The World Aquatics Championships was nearly the scene of a tragic accident yesterday after Olympic swimmer Anita Alvarez fell unconscious after her artistic routine in Budapest, Hungary. The US swimmer Alvarez, 25, passed out immediately after her sequence in the solo free final and sank to the bottom of the pool.
Her quick-thinking coach Andrea Fuentes leapt in to save her star before another male swimmer came to assist. Fuentes’ main aim was to get Alvarez’s face above the surface before moving her out of the water, and the stricken swimmer soon regained consciousness after receiving emergency attention from doctors by the pool before being taken away on a stretcher.
The US team were visibly shaken to the side of the pool as their comrade received treatment. This isn’t the first time Fuentes has come to her charge’s rescue following a similar incident. She also jumped in when Alvarez fainted in the wake of her routine at an Olympic qualifying event in Barcelona last year.
“Anita is okay,” wrote Fuentes on Instagram following Wednesday’s close call. “The doctors checked all vitals and everything is normal – [her] heart rate, oxygen, sugar levels, blood pressure, et cetera… all is OK.
“We sometimes forget that this happens in other high-endurance sports [such as] marathon, cycling, cross country. We all have seen images where some athletes don’t make it to the finish line and others help them to get there. Our sport is no different than others, just in a pool.”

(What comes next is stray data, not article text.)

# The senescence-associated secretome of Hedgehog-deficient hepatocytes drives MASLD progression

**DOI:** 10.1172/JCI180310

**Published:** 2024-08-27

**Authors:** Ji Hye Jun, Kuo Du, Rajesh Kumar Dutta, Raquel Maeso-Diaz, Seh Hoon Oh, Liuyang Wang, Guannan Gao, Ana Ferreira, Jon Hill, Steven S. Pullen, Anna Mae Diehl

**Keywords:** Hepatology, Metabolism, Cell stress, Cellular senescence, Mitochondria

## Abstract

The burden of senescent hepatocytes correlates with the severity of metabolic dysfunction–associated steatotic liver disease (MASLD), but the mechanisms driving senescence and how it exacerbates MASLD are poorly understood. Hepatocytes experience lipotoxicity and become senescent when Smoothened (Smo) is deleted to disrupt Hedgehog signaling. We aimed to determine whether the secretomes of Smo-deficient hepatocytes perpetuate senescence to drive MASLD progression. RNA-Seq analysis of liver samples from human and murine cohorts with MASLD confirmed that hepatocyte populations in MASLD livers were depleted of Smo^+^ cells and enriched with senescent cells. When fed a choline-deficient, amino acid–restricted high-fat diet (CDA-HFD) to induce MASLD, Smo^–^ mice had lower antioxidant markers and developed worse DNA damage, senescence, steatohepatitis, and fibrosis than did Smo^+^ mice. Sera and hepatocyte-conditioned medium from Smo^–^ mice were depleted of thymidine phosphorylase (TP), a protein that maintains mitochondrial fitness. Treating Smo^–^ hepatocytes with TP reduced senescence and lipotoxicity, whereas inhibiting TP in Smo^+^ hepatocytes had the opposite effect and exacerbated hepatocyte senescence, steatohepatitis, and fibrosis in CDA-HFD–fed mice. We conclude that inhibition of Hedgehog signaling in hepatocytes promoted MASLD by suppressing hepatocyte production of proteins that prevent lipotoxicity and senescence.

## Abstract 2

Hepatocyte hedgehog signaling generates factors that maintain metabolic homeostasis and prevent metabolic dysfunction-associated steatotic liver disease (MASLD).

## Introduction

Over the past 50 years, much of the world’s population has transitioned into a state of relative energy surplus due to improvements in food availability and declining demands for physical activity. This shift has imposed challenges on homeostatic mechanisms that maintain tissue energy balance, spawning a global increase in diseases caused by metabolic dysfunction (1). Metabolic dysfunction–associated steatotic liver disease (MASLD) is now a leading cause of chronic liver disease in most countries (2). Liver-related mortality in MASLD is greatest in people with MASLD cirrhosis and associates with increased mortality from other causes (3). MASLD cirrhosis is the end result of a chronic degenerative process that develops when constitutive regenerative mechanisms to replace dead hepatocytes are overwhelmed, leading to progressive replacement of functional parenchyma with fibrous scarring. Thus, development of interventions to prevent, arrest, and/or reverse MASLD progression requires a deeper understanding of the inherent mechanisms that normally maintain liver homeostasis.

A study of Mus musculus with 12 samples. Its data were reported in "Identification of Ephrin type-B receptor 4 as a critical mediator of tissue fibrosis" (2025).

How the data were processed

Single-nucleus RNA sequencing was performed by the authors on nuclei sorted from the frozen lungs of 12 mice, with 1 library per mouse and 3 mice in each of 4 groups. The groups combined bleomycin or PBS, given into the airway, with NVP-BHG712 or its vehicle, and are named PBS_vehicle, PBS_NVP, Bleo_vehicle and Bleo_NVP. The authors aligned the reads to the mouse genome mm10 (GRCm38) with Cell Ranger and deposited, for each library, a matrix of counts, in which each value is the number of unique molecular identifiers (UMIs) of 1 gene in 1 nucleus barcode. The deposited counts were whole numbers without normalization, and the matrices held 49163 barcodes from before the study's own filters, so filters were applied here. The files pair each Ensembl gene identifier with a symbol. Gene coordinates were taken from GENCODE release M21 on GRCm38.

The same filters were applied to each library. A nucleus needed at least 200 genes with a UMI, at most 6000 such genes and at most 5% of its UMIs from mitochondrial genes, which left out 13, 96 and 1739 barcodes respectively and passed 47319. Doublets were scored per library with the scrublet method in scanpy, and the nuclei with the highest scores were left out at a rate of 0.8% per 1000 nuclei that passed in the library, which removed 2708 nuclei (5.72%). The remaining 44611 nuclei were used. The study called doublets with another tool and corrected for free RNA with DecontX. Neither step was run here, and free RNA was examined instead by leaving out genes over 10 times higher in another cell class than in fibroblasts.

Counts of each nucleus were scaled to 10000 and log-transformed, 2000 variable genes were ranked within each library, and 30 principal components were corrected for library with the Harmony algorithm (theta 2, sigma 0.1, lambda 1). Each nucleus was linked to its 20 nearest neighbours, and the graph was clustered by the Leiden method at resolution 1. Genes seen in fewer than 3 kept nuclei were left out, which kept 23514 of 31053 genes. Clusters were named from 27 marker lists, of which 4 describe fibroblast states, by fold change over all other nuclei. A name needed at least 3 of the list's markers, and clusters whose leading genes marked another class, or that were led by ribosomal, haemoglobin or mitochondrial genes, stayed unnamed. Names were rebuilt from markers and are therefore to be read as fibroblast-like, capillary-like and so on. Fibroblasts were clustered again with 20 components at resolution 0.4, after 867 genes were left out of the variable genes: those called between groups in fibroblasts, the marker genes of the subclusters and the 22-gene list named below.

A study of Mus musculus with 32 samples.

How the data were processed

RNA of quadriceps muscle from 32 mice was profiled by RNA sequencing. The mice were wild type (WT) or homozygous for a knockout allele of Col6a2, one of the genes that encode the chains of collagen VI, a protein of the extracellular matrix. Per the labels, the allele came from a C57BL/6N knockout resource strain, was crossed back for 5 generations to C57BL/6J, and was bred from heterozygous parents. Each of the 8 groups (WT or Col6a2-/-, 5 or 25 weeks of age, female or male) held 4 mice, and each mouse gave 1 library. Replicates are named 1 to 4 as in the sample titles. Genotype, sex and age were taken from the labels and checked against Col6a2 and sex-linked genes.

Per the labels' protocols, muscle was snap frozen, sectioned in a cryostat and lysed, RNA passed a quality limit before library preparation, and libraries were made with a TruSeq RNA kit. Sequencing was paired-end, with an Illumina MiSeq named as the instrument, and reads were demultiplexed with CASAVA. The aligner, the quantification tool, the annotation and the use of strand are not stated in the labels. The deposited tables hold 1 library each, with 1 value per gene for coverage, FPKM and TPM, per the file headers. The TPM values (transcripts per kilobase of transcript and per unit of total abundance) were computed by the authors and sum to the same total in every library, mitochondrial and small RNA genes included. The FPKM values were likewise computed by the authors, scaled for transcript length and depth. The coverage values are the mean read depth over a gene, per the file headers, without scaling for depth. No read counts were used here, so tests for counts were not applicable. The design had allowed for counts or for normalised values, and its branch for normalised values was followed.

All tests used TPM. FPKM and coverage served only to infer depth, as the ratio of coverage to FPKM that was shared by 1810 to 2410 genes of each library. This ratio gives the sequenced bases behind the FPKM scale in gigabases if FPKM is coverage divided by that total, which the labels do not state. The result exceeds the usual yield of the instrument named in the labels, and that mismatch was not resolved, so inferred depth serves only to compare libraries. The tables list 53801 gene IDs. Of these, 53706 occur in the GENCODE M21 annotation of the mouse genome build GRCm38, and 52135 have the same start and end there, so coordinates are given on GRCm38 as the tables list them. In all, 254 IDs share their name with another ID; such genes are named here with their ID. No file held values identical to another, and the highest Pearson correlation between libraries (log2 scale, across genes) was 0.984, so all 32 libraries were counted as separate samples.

Fuentes—a former synchronised swimmer who won four Olympic medals across two Olympic Games (three silver, one bronze)—went on to say Alvarez “feels good now,” adding she had been cleared by doctors.
“Tomorrow she will rest all day and will decide with the doctor if she can swim free team finals or not,” she added.
In a statement from the US Artistic Swimming team on Instagram, they said Alvarez would be assessed by doctors on Thursday before a decision would be made on her participation in Friday’s programme.
Synchronised swimming is different from other swimming events in that athletes can often be expected to spend more time underwater in short bursts. Fainting can be caused in a number of ways, including a lack of blood to the brain, sudden change in temperature or a drop in pressure.
Fuentes also raised concern with the response time of lifeguards present in Budapest, according to Mirror Online.
Speaking to Spanish radio after the incident, Fuentes said: “It felt like a whole hour [that Alvarez was unconscious in the water]. I said things weren’t right, I was shouting at the lifeguards to get into the water, but they didn’t catch what I said or they didn’t understand.”
Japan’s Yukiko Inui was named the winner of Wednesday’s solo free final, while Alvarez finished seventh after scoring 87.6333 points. New York native Alvarez was targeting her first World Championship medal, having previously won two bronzes at the 2019 Pan American Games.
She also represented the United States at the Rio 2016 Olympics, where she competed in the women’s duet. However, Alvarez and partner Mariya Koroleva could only place ninth in Brazil.
Alvarez’s routine was “her best performance ever,” added Fuentes. “She just pushed through her limits and she found them.”
Last year, the 25-year-old fainted during an Olympics qualifying event in Barcelona, where Fuentes was again on hand to rescue the artistic swimmer.
“Unfortunately I’ve seen it happen to her before – never in competition, though,” Alvarez’s mother Karen said at the time. “I knew right away. On their last element, I could tell something was up. It was hard to watch, definitely.”
Back in 2010, Olympic medal winner Fran Crippen tragically passed away in an open water event in the United Arab Emirates – he was just 26 when competing in the 10,000m race.